26 March 2010

Bayer MaterialScience is testing the viability of polyurethane composites reinforced with Baytubes carbon nanotubes for potential use in 1.5+ megawatt wind turbine blades.

The project is funded in part by a $750,000 grant Bayer MaterialScience received from the U.S. Department of Energy (DOE) in July 2009. A core element of the research calls for optimizing the base formulations and functionality of carbon nanotubes to meet or exceed existing material performance.

Bayer MaterialScience LLC is subcontracting with Case Western Reserve University in Cleveland and Molded Fiber Glass Companies, based in Ashtabula, Ohio, to assist with research as part of the project, “Carbon Nanotube Reinforced Polyurethane Composites for Wind Turbine Blades.”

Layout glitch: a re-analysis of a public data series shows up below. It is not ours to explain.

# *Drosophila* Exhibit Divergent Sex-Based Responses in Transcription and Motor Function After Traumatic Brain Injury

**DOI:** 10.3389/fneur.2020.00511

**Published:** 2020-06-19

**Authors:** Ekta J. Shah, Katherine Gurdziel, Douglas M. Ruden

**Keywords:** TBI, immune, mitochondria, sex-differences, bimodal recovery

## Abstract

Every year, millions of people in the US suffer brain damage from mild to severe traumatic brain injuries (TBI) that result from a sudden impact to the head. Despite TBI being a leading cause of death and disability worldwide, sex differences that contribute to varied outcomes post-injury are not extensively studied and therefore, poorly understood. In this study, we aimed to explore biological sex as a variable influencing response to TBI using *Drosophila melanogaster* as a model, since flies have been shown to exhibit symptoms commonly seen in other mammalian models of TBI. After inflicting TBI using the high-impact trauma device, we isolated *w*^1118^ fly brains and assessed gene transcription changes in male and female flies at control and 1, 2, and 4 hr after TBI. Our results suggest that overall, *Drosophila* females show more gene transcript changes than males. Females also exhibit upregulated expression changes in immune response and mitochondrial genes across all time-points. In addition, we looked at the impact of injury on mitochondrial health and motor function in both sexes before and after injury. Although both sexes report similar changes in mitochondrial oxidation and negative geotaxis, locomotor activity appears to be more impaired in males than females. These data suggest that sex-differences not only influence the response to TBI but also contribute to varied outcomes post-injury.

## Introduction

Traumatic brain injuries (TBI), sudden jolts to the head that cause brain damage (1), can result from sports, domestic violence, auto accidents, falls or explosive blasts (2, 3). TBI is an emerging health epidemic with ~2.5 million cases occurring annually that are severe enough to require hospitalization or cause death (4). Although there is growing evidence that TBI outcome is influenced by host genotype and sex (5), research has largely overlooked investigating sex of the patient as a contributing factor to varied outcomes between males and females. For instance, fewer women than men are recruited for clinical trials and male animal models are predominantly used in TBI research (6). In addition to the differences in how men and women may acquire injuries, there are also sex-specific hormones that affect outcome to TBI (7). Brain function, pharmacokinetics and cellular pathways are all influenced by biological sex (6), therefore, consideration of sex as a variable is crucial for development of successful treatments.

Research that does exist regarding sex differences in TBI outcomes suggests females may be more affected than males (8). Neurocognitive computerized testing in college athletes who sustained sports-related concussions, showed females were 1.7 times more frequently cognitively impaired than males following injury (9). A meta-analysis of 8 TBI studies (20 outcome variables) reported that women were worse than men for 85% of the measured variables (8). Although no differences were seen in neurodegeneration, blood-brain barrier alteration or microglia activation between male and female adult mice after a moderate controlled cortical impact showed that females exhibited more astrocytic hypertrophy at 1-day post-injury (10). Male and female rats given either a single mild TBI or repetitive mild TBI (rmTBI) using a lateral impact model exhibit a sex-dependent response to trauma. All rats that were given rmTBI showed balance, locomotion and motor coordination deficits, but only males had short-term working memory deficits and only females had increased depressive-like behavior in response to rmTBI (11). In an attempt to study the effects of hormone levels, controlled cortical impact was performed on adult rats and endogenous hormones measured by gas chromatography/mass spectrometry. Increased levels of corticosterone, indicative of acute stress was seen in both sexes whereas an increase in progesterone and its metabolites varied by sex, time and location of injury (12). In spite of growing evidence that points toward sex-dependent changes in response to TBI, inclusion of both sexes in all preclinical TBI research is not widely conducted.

“We’re excited to work with industry and academia to study the viability of applying our polyurethane and other composites reinforced with carbon nanotubes to help the wind energy industry develop stronger, larger and lighter wind turbine blades,” said Mike Gallagher, director, Government Services Group, Bayer MaterialScience LLC. “The wind industry has indicated that development of stronger, lightweight composite technology could lead to as much as a 35 percent increase in turbine energy output.”

Bayer say that their polyurethane-based systems reinforced with carbon nanotubes during the resin phase create as much as a 50 percent increase in strength-to-weight ratio, by modifying the resin component of the composite to percolation levels ranging from 0.1 percent to 0.4 percent.

This project will also explore zero volatile organic compound (VOC) polyurethane-based systems as a low emissions technology to further reduce the carbon footprint.